Sleep assessments in young children showed that, in the context of habitual snoring and enlarged tonsils and adenoids, moderate to severe obstructive sleep apnea increased the likelihood and magnitude of cognitive deficits. These deficits include, but are not limited to, problems with attention, memory and language, according to research presented at the ATS 2016 International Conference.
“Although evidence suggesting the presence of cognitive deficits in children with sleep apnea has been around for quite some time,” said Leila Gozal, MD, MSc, from the University of Chicago, “the relatively small groups studied made it difficult to demonstrate a strong relationship between increasing cognitive issues and increasing sleep apnea severity.”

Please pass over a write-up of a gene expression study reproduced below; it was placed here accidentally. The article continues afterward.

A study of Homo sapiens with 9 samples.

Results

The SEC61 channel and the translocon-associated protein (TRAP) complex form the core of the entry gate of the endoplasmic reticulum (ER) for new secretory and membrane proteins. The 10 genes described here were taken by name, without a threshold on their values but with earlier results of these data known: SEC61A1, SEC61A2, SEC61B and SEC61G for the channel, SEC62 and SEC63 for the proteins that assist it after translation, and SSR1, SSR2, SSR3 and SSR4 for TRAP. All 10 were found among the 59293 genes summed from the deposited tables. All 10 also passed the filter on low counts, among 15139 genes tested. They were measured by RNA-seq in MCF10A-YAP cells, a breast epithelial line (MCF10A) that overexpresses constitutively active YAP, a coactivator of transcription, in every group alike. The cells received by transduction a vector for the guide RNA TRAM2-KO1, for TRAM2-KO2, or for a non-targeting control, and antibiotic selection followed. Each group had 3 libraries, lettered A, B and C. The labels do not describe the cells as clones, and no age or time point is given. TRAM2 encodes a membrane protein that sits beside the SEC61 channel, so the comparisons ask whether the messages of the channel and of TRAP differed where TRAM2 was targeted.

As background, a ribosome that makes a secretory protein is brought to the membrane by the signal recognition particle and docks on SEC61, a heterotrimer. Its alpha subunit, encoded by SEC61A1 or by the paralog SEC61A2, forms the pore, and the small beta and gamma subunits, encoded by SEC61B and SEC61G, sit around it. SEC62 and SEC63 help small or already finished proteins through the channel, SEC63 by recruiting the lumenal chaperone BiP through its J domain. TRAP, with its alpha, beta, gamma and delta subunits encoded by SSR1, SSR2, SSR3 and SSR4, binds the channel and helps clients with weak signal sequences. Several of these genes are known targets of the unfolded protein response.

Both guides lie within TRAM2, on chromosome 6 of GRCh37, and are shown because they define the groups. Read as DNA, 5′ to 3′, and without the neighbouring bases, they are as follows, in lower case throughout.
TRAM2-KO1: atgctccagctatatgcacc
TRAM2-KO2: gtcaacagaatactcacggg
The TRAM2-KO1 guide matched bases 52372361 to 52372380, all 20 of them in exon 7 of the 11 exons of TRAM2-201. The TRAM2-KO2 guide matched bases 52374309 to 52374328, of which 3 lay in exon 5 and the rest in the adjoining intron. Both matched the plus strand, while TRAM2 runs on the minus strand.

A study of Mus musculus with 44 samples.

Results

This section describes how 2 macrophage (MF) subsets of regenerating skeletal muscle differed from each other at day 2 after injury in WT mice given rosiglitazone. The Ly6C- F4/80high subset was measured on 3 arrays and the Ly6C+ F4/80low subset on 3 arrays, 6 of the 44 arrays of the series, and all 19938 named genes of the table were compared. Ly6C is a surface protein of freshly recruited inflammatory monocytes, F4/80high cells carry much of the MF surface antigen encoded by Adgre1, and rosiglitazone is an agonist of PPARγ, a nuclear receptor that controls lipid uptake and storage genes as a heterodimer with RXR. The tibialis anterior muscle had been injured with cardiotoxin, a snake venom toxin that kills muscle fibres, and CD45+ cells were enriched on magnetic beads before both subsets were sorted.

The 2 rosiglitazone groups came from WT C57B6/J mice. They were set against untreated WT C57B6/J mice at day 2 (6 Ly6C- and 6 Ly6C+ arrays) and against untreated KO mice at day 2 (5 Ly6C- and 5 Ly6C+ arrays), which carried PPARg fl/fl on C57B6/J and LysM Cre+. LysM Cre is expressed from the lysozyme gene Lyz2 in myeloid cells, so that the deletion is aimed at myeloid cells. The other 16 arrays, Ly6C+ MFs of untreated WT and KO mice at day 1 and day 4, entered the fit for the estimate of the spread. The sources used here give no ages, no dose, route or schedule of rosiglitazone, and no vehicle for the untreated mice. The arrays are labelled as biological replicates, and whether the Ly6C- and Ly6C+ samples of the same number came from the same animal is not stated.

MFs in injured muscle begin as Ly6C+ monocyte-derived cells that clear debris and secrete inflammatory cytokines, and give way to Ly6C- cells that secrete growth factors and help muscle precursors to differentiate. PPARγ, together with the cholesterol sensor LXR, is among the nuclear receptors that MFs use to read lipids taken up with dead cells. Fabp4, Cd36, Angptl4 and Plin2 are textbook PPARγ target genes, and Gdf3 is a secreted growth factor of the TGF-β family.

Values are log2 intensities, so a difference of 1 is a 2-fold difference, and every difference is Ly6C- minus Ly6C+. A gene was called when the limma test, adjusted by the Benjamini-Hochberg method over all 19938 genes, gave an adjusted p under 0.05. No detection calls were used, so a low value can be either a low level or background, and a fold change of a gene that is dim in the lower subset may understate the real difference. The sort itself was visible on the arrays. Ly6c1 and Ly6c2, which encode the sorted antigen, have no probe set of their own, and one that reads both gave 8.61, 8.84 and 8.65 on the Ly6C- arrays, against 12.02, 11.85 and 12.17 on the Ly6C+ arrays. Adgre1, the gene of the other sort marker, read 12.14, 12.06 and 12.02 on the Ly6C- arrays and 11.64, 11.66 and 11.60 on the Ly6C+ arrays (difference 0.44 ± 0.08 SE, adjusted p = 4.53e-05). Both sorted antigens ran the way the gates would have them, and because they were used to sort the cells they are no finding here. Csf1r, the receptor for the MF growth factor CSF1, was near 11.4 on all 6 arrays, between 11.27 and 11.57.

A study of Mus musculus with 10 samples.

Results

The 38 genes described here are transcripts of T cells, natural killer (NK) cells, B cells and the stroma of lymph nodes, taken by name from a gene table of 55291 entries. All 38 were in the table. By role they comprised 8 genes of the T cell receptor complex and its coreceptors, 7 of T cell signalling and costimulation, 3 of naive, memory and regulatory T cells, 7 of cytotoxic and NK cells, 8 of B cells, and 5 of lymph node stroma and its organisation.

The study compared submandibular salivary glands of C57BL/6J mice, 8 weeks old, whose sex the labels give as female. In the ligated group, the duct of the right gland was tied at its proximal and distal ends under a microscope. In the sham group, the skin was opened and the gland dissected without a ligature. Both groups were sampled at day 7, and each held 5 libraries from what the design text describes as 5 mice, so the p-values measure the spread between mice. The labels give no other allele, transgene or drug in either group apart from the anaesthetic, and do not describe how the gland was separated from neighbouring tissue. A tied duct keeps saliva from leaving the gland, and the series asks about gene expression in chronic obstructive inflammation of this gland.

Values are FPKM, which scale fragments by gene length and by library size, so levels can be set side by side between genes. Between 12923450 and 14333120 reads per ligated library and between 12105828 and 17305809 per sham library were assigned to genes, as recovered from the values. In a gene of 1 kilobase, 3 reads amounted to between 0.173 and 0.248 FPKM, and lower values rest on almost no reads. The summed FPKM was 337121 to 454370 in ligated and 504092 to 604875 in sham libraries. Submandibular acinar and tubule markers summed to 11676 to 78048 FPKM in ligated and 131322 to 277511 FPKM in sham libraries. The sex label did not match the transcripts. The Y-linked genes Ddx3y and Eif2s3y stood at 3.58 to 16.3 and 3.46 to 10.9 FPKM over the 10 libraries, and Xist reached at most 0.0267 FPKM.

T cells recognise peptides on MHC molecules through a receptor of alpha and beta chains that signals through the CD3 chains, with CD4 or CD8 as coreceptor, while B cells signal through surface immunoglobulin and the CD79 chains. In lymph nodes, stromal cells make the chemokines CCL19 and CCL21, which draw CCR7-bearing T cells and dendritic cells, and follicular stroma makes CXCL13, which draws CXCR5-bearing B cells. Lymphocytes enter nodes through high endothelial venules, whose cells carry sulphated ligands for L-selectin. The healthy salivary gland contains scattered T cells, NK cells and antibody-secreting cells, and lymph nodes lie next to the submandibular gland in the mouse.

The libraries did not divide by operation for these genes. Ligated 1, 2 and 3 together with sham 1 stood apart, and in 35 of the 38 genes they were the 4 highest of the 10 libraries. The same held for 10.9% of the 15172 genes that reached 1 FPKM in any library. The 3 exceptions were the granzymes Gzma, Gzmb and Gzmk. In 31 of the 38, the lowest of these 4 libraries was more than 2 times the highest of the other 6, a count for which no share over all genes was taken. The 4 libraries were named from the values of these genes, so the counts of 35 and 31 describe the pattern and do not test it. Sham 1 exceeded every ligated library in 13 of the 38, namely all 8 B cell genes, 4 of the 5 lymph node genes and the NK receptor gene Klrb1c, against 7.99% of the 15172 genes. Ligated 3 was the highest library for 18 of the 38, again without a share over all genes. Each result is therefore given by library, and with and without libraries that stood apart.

A total of 1,359 public school children, comprising snorers and non-snorers age five to seven years, were assigned to one of four groups based on severity of sleep apnea. They completed sleep assessment questionnaires, an overnight sleep study, and measures of several cognitive functions including language and executive development. After comparing measures of cognitive functioning across the four groups, the researchers found that even snoring alone has a negative effect on cognition.
“Our findings provide further justification for exploration and development of simple cognitive batteries that can be coupled to the current clinical evaluation of children with habitual snoring such as to better guide the management of the decision-making process,” Dr Gozal added.